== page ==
The article on Paulie Heenan, the local musician killed by Madison police officer Steve Heimsness, states, "An internal investigation later cleared Heimsness" in the 2006 excessive force incident ("Cop and Shooting Victim Both Involved With Local Bands," 11/16/2012). I'd argue with the word "cleared." From the MPD investigation file on the incident, in which Heimsness dealt with an assault suspect at State Street Brats: "Conclusion. It is my belief that this complaint should be classified as not sustained. I am making it not sustained because I cannot say for certain that each kick or knee strike to the head was inadvertent."
All non-police witnesses who spoke on the matter flatly contradicted Heimsness' account that Bauer's head was covered by a coat while Heimsness was applying blows. On this and other details, it would appear that Heimsness' account of events was not fully truthful.
Witness Garret Alexander describing Heimsness' kicks to Jacob Bauer's head and face: "the sound was kind of gruesome. It sounded like something being smashed like a pumpkin." Bartender Elissa Parker's 911 call seeking help: "They were kicking him in the head and stomping on his face and bending his neck over to the side, and he's out now and there's blood everywhere and it's very Rodney King-esque."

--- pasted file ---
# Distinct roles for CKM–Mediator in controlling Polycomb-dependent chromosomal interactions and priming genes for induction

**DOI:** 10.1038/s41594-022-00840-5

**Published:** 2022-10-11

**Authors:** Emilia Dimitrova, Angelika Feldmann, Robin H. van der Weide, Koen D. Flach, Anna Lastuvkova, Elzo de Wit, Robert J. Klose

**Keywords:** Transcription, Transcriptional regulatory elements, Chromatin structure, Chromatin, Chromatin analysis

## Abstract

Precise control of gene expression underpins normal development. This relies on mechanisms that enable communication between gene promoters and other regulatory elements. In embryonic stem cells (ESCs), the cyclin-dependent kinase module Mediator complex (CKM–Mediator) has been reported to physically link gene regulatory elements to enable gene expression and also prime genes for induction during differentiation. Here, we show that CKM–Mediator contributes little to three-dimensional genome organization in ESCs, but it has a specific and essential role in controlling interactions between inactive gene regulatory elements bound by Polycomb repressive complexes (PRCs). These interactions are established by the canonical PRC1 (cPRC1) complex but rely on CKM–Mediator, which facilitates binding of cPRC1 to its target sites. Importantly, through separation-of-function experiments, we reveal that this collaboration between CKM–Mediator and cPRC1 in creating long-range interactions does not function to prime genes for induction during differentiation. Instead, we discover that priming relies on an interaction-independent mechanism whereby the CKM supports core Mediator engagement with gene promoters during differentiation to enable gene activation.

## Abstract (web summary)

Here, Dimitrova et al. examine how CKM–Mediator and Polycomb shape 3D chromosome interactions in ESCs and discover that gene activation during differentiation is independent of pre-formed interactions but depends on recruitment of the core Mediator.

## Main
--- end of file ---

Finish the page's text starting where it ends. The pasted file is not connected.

This is not to demonize Heimsness, whom I've met and liked in other contexts. But there does appear to be a pattern, enabled by MPD.
Scott Gordon replies: MPD's investigation into the 2006 incident found the allegations against Heimsness to be "not sustained," which even Chief Wray points out does not necessarily mean that he was exonerated. My aim was to sum up Heimsness' disciplinary record without drawing undue conclusions or convicting him in print, just as I would try to do if writing about a suspect charged with a crime. Nonetheless, I should have chosen a more precise term than "cleared."